Training the Next Generation of Doctors and Nurses

For decades, medical education has followed a timeworn path — heaps of book learning and lectures, then clinical rotations exposing students to patients.

But as technology explodes into patient care (surgeons can preview operations using virtual 3-D images built from a patient’s scans), the gap between medical education and real-world care has “become a chasm,” said Marc Triola, director of N.Y.U. Langone’s Institute for Innovations in Medical Education, created in 2013 to address the issue.

“The health care delivery system is changing every day,” he said, “and our medical education system has been lagging.”

In what looks like an urgent game of catch-up, medical and nursing schools across the country are retooling how and what they teach. This is also getting a boost from concern about the looming shortage of primary caregivers.

While “the national narrative is that we need more” doctors and nurses, said Erin Fraher, director of the Carolina Health Workforce Research Center, “that is precisely the wrong way to frame this. The question has to be: Where are the places in the U.S. where patients cannot get access to diabetes care, access to prenatal care?”

Those questions are redesigning health care education, with more community-based clinic rotations, special programs (and scholarships) for rural and underserved students, and a greater role for nurses and nurse practitioners. As schools seek to make learning more efficient, technology — including virtual reality, augmented-reality software and high-fidelity simulations (mannequins “breathe,” cry, sweat and respond to medication) — is a big part of that.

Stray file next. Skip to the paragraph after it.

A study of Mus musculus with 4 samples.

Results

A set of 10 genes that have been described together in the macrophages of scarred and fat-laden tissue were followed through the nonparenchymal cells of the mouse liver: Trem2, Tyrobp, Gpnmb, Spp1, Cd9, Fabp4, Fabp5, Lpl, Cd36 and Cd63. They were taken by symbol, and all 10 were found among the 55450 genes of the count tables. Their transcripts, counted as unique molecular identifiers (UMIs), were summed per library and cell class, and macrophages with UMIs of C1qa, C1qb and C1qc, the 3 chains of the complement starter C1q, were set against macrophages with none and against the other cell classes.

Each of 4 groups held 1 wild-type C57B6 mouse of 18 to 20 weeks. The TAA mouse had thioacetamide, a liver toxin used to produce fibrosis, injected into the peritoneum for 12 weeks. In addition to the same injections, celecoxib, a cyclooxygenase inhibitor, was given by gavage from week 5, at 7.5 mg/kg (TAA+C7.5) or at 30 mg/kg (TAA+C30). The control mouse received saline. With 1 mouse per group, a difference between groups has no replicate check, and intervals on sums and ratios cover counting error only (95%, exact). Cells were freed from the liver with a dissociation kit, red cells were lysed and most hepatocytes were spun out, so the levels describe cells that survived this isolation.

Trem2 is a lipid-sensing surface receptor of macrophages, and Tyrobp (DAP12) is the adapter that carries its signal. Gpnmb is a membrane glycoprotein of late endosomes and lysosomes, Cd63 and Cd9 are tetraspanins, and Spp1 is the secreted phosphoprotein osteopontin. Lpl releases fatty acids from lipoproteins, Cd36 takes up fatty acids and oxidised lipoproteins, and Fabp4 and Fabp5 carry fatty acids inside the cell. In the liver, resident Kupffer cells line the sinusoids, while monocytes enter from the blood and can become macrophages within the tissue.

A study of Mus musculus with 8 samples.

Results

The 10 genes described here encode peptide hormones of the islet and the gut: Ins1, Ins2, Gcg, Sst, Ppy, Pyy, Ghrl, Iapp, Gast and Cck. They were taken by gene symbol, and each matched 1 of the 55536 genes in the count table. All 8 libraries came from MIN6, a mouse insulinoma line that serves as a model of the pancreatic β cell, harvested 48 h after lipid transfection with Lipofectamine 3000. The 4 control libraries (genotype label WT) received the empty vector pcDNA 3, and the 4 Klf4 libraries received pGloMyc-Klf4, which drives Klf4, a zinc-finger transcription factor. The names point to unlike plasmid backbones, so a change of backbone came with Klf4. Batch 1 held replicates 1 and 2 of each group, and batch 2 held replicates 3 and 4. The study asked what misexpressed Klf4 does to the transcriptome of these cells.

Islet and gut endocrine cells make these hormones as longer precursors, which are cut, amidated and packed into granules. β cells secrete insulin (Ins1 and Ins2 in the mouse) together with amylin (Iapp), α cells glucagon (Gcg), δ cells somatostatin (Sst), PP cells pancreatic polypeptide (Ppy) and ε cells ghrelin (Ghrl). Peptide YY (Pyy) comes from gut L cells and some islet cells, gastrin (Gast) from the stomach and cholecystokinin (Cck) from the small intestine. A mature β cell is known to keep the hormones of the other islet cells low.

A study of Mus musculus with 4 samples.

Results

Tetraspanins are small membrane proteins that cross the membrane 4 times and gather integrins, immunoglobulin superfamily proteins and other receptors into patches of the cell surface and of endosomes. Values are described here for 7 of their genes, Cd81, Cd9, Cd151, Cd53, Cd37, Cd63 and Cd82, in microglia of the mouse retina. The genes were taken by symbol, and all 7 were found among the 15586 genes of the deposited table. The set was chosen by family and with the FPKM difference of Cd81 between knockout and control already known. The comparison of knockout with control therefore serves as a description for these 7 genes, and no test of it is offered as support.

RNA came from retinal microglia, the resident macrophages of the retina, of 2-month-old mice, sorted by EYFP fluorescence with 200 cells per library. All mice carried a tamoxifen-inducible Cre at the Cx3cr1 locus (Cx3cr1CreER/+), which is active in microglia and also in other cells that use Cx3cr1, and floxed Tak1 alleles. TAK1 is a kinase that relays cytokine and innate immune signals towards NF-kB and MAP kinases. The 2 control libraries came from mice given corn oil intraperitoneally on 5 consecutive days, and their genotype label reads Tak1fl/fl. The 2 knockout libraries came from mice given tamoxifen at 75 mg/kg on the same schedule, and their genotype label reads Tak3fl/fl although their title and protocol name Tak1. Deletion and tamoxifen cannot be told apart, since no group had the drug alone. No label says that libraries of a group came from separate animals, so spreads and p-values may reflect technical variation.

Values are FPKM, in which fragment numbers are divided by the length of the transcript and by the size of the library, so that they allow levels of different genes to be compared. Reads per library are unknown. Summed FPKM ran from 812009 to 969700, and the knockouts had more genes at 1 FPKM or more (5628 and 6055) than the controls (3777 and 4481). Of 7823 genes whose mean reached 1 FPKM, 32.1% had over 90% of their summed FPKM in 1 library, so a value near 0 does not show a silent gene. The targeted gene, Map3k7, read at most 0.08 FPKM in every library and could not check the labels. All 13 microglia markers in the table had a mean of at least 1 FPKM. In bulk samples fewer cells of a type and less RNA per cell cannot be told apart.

And it must be, given that students have to learn more information, faster. Much of medicine is slow; you can’t shortcut taking a medical history. But visiting the pathology lab to study a colon sample?

This is where Greg Dorsainville, a multimedia developer and one of 28 full-time staff members in the N.Y.U. institute, steps in, using a 360-degree camera to film a 45-minute session with a pathologist. He cut the lesson to 5:46, time that a medical student can spare to don goggles, zoom in and see what a polyp actually looks like, making it something to be remembered as “a visual in their mind. It’s not just a concept.”